Health Update

Does caffeine help with weight loss?

 

Caffeine may slightly boost weight loss or prevent weight gain, but there's no sound evidence that increased caffeine consumption results in significant or permanent weight loss.

 

Caffeine is found in many beverages, including coffee, tea, energy drinks and colas; in products containing cocoa or chocolate; and in a variety of medications and dietary supplements, including supplements aimed at weight loss.

 

Although research about the connection between caffeine and weight isn't definitive, there are a few theories about how caffeine might affect weight, including:

 

Appetite suppression. Caffeine may reduce feelings of hunger and your desire to eat for a brief time.

Calorie burning. Caffeine appears to increase energy use even when you're at rest. It stimulates thermogenesis — one way your body generates heat and energy from digesting food.

Some studies looking at caffeine and weight were poor quality or done on animals, making the results questionable or hard to generalize to humans. In addition, some studies found that even decaffeinated coffee may contribute to modest weight loss, suggesting that substances or factors besides caffeine may play a role in weight loss.

 

The bottom line: Be cautious about using caffeine products to help with weight loss. When used in moderation (400 milligrams or less) by healthy adults, caffeine is generally safe. But too much caffeine might cause nervousness, insomnia, nausea, increased blood pressure and other problems.

 

Also keep in mind that some caffeinated beverages, such as specialty coffees, are high in calories and fat. So instead of losing weight, you might actually gain weight if you drink too many of these.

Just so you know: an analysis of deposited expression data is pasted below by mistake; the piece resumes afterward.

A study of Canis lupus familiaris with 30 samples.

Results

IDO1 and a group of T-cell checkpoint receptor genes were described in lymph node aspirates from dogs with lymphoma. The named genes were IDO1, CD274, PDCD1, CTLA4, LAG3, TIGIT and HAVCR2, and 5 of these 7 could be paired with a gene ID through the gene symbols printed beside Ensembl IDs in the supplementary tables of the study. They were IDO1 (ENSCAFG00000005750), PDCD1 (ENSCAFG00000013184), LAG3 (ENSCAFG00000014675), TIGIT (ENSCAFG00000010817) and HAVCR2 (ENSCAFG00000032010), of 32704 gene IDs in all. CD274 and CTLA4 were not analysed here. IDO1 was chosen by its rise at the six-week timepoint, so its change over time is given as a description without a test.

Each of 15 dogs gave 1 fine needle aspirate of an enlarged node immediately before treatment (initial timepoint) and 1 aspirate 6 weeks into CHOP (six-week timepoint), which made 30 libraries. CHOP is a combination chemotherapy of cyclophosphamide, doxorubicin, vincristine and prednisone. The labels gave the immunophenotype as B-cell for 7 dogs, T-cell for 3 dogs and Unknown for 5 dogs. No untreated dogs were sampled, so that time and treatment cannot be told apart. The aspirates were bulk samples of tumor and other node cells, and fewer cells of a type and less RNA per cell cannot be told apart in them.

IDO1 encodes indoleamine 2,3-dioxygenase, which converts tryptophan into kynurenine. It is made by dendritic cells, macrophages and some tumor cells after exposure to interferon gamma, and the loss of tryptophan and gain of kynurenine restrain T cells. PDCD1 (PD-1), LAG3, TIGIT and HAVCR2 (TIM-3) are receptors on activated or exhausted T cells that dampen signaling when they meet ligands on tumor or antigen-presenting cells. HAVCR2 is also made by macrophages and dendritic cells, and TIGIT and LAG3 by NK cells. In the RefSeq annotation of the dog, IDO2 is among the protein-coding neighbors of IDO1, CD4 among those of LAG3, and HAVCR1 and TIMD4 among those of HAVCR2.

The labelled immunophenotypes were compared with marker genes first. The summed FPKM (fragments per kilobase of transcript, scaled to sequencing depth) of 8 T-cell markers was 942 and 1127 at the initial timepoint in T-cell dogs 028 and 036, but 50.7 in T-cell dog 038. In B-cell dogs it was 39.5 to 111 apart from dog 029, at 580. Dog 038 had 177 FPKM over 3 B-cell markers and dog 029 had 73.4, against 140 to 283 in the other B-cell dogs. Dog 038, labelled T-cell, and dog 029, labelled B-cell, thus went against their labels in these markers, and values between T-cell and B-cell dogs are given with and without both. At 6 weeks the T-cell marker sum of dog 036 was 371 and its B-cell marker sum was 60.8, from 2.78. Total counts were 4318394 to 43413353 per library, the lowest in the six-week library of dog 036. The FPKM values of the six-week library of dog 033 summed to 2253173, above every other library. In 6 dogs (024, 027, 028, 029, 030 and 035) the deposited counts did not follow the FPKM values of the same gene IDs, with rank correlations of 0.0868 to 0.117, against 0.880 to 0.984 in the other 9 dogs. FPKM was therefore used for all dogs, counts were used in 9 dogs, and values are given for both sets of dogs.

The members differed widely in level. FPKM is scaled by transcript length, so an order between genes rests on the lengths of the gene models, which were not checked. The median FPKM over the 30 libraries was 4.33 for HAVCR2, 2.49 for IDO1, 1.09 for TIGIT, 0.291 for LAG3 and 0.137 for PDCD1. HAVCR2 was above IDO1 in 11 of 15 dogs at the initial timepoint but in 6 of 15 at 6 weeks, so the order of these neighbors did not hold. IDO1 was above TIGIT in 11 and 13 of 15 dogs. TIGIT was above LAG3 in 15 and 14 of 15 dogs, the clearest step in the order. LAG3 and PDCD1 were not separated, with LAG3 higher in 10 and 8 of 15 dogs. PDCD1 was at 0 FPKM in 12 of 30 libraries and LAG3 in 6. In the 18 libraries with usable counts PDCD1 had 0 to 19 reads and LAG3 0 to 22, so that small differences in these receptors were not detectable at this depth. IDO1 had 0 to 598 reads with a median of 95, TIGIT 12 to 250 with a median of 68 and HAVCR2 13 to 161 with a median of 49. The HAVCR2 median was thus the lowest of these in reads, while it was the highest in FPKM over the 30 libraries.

Gluten-free Hummus

 

Dietitian's tip:

This recipe replaces tahini, which sometimes contains gluten, with olive oil. It also calls for sherry vinegar instead of lemon juice.

 

Ingredients

2/3 cup dried chickpeas (garbanzos), picked over and rinsed, soaked overnight, and drained

3 cups water

2 cloves garlic

1 bay leaf

1/2 teaspoon salt

1 tablespoon olive oil

3/4 cup plus 2 tablespoons sliced green (spring) onion

2 tablespoons sherry vinegar

3 tablespoons chopped fresh cilantro (fresh coriander)

1 teaspoon ground cumin

 

Directions

In a large saucepan over high heat, combine the chickpeas, water, garlic cloves, bay leaf and 1/4 teaspoon of salt. Bring to a boil. Reduce the heat to low, cover partially and simmer until the beans are very tender, 50 to 60 minutes. Drain and discard the bay leaf, reserving the garlic and 1/2 cup of the cooking liquid.

 

In a blender or food processor, combine the chickpeas, cooked garlic, olive oil, 3/4 cup green onion, vinegar, cilantro, cumin and the remaining 1/4 teaspoon salt. Process to puree. Add the reserved cooking liquid, 1 tablespoon at a time, until the mixture has the consistency of a thick spread.

 

In a small serving bowl, stir together the chickpea mixture and the remaining 2 tablespoons green onion. Serve immediately, or cover and refrigerate until ready to serve. Makes about 1 1/2 cups.